Last week, I talked about some of the more remarkable ads on TV, good and bad. And as often happens with these things, within days something came along that forced the list to be amended.
Last Friday, John Lewis revealed their latest Christmas ad. Every time they release an ad it tends to cause a bit of a stir, be it last year's sweet festive offering featuring Ellie Goulding's anodyne cover of Your Song or their Assent Of Red-Dressed Woman assisted by Fyfe Dangerfield's wondrous version of Billy Joel's Only A Woman. Pleasant as they were, not everybody received them well: last year's Christmas advert got complaints from animal rights organisations for featuring a dog in an outside kennel in snowy conditions (although he did have a stocking put up for him, so it wasn't all bad), and others are more generally irked by the bourgeois mawkishness of it all.
Now for their latest salvo John Lewis have taken their tried and tested combination of lovely storytelling and a wistful re-imagining of a much-loved pop standard to its best place yet, but if anything all it's done is ratchet up the opposition. Leading the charge is TV-ologist extraordinaire and modern day Walter Matthau Charlie Brooker, who claimed that anyone who cried at the advert was "literally weeping IQ points out of their body". Before long, it was becoming quite the point of debate on Twitter and underneath the video on Youtube.
Now I try not to make a habit of disagreeing with ol' CB (as nobody calls him) but this advert is miles away from, say, that X-Factor/M&S ad that drips of corporate synergy and rank opportunism. I didn't cry at the advert but I did think it was fantastic, fantastic enough for me not to care even slightly about any of the gripes Brooker or anyone else may have about it. I don't care if it is attempted emotional manipulation with a view to spending excessive cash monies in an expensive store. I don't care if it is middle class lifestyle porn. I don't even care if it's Daily Mail bait. It is, first and foremost, an adorable and well-made 90 seconds about a young boy waiting for Christmas, and more importantly why he's so impatient for this Christmas to come. It's the kind of adorable where you don't pronounce the "r". On dastardly capitalism's recent charge list, this ad is pretty low down.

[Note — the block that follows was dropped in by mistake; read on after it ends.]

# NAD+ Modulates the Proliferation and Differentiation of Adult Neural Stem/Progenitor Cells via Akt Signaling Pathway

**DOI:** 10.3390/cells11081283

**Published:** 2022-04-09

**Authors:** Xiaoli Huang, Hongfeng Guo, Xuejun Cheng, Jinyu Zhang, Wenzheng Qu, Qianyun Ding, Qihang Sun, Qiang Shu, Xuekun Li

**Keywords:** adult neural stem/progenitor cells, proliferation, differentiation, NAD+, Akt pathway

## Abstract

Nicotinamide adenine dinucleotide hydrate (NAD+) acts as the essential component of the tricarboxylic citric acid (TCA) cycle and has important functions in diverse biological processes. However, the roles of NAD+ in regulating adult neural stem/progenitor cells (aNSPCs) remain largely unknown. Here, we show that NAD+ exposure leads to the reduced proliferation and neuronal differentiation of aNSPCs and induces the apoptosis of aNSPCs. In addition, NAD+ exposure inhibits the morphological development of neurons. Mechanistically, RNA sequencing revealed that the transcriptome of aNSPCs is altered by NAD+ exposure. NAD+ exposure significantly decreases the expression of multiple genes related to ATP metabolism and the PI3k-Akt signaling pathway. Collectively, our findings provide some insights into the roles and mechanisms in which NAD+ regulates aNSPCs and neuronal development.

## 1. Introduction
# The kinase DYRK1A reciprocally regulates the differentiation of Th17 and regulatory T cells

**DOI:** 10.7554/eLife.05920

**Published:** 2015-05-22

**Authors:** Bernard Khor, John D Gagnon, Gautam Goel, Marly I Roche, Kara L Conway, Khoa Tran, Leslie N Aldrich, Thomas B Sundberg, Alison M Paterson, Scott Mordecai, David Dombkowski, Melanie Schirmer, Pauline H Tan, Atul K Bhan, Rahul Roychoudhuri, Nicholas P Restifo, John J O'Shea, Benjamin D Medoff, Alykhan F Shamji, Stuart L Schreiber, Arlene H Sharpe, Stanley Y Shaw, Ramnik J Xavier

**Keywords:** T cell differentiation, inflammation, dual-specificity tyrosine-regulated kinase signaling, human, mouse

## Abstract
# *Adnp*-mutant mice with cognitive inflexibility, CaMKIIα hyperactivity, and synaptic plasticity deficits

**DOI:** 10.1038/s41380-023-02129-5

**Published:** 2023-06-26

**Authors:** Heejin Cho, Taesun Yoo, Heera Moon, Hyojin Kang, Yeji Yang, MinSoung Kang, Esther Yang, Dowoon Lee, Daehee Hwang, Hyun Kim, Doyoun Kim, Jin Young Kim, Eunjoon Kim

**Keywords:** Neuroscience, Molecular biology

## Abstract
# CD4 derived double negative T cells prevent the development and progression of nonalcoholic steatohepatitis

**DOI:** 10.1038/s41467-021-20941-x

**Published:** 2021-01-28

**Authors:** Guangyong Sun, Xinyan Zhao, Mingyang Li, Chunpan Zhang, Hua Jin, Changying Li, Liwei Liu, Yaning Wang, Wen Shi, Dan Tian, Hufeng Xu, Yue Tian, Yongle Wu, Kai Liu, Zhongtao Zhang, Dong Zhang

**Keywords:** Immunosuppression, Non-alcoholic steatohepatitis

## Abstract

Christmas pretty much lost the battle with commercialism when "Bethlehem Jeff's Precious Metals and Perfume Emporium" raked it in that first year, and the duration of the build up and commercial hype for the festive season oscillates from the cynical to the all-out piss taking. That said, the Holidays Are Coming Coca Cola ad is basically the international symbol for, well, the Holidays coming. And when I look at that ad, I think about all the things about Christmas I love, I don't scramble out to buy a stack of two litre bottles or give campaign donations to Republican Senators. Same goes for Guinness' marvellous festive ad: when you invariably see that on Christmas Eve, it's time to get excited.
When I see ads like that, for a couple of seconds I suspend the pretext or the reason the ad is there and just enjoy it for what it is at face value. Similarly, I've never even so much as pressed my nose up against a John Lewis window and I'm not even 100% sure what it is they sell, but the minute and a half they've commissioned is beautiful, involving and pleasantly surprising.
But that's just my opinion. What do you make of it?